Weight-Loss Surgery's Effects on Diabetes
Researcher: Blandine Laferrère, MD
Occupation: Assistant Professor of Medicine, Columbia University College of Physicians and Surgeons, and Research Associate, Obesity Research Center
Focus: Endocrinology, diabetes, and nutrition
ADA Research Funding: Clinical Translational Research Award
No diet can match surgery when it comes to dramatic weight loss. In the past decade, the popularity of bariatric surgery has soared, and doctors now perform about 200,000 operations a year in the United States alone to help people trying to lose lots of weight.
There are two basic types of weight-loss surgery. The first, adjustable gastric banding, involves placing around the stomach a fluid-filled belt that can be adjusted by a doctor using a port inserted just under the skin. Banding is reversible and requires attention from both patient and doctor; the band needs to be adjusted regularly. The other, more popular version of bariatric surgery is the gastric bypass. A bypass operation shrinks the size of the stomach by over 90 percent, leaving it the size of an egg. Importantly, it also routes food around part of the small intestine, which reduces how much food the body absorbs. Both procedures result in extensive weight loss. That alone has a positive effect on health, including the toll type 2 diabetes can take on the body.
But with gastric bypass, there's more to it than that. Gastric bypass "makes [people with diabetes] lose weight but also seems to have an effect independent of weight loss on diabetes resolution," says Blandine Laferrère, MD, an endocrinologist at the Obesity Research Center in New York.
The effects are remarkable: Nearly 80 percent of patients with type 2 diabetes who have gastric bypass go into remission. "It's a little bit of a miracle," Laferrère says. "If the surgery is successful, patients are off medication, they don't have to check finger sticks, their mortality goes down." The change has to do with much more than lost pounds: Remission with gastric banding is less frequent, even when the weight loss is comparable.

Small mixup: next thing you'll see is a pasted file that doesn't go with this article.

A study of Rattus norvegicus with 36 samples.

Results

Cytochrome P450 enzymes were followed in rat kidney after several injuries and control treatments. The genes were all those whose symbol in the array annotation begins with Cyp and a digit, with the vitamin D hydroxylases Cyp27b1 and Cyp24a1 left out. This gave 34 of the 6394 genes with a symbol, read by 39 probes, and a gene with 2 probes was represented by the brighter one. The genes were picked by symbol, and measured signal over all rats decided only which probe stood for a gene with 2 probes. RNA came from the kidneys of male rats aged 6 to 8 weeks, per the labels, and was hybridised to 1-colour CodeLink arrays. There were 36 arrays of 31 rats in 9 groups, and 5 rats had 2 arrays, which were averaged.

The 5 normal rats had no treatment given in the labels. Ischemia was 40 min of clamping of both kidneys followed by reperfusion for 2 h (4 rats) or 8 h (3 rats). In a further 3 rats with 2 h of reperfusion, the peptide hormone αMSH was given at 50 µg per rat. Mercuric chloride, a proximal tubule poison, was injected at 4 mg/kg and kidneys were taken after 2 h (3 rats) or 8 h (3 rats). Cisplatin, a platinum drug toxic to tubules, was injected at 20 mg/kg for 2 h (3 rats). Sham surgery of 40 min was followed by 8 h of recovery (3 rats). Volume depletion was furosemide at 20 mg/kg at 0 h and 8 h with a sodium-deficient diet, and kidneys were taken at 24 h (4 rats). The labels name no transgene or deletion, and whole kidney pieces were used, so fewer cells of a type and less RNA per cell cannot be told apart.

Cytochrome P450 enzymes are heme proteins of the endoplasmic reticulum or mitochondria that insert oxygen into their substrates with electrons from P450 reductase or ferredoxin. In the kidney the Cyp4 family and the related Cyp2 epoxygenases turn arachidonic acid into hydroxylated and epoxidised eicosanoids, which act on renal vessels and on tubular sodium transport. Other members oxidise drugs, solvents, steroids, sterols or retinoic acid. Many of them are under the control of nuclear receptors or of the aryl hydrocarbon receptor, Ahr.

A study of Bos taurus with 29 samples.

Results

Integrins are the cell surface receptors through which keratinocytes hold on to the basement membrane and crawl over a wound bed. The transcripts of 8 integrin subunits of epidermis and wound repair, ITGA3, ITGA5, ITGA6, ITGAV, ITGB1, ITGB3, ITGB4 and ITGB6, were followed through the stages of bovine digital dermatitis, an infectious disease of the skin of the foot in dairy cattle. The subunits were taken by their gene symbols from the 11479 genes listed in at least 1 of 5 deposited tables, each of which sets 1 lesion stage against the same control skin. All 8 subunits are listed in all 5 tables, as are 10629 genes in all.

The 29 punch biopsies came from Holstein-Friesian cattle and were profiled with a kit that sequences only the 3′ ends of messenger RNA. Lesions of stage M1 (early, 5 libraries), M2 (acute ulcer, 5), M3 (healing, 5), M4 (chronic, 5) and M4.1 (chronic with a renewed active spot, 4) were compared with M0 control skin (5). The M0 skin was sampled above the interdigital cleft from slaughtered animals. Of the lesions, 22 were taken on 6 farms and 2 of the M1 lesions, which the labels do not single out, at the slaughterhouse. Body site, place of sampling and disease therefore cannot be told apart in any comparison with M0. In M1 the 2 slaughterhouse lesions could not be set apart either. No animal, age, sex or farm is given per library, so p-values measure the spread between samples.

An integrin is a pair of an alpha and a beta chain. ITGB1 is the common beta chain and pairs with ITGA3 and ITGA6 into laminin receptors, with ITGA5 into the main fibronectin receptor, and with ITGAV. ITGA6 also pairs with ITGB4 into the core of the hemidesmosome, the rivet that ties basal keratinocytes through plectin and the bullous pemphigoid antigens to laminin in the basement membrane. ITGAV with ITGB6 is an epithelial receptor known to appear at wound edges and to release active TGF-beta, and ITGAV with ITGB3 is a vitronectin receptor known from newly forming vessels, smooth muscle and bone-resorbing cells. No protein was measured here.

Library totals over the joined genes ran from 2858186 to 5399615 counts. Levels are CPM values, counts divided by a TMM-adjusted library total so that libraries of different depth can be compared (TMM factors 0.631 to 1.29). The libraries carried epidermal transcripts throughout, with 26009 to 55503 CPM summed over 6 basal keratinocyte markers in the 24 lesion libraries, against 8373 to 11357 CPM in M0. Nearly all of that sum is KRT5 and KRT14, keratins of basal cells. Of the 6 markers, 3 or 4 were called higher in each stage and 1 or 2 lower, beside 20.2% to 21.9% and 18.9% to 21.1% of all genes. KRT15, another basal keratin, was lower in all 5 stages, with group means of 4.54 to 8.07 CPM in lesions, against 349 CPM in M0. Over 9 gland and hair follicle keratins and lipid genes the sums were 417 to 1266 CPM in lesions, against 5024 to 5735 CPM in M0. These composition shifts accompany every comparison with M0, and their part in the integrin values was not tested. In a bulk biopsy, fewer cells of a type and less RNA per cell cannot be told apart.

With the help of a grant from the American Diabetes Association, Laferrère is comparing the two types of surgery to try to figure out what it is that makes gastric bypass so effective. Her research involves recruiting two dozen patients about to undergo either gastric bypass or banding and monitoring them closely before and after the surgery. The key to the gastric bypass "miracle" may be the elaborate signaling that goes on all through the digestive process, sending messages from the intestine to the cells in the pancreas that secrete insulin. "The gut is really important," Laferrère says, particularly chemicals called peptides that are released in the intestine during digestion. Peptides tell the body food has arrived and are responsible for alerting the pancreas to begin pumping out insulin. (Certain peptides also send a "full" signal to the brain, prompting you to stop eating.)
Yet diabetes can derail this signaling. "Peptides are blunted or not working well in patients with diabetes," Laferrère says. "Fifty percent of insulin secretion depends on gut peptides, and that's blunted to 10 or 20 percent during type 2 diabetes." It's counterintuitive, but doctors have discovered that by circumventing part of the stomach and the first part of the small intestine, gastric bypass surgery markedly improves the body's peptide signaling system, sometimes reversing the effects of type 2 diabetes entirely and restoring the secretion of peptides to normal levels.
Laferrère says different theories seek to explain gastric bypass surgery's impact. Some researchers, for example, think the smaller stomach passes food more quickly to the lower part of the intestine, which has more peptide-producing cells. Others argue there's something in the duodenum, a part of the small intestine that's bypassed during the surgery, that inhibits peptide production.
Naturally, the striking results have prompted many doctors to promote gastric bypass surgery for patients who are very heavy and have type 2 diabetes. Gastric bypass is permanent and more invasive than gastric banding, which is performed with less invasive surgery and can be reversed. "The bias in the surgical field is that patients with type 2 should have bypass, because it's so effective against diabetes," Laferrère says.
But the "cure" has serious risks and side effects: "Independent of superb weight loss and diabetes remission, bypass has its disadvantages," Laferrère says. Because parts of the intestine that help the body absorb food are bypassed, patients can have trouble absorbing enough vitamins. The surgery itself has risks, too: about 1 percent of patients die, roughly the same proportion as in hip replacement surgery.
As Laferrère searches for clues as to why gastric bypass works so well, she says, "The big picture is to understand how surgeries work on diabetes remission, with the hope that we could come up with less invasive surgeries or medication that could mimic the effect." That way, people with type 2 diabetes might someday be able to take advantage of gastric bypass's benefits without the surgery's risks.
For more on weight-loss surgery or to read four stories on life after surgery, click here.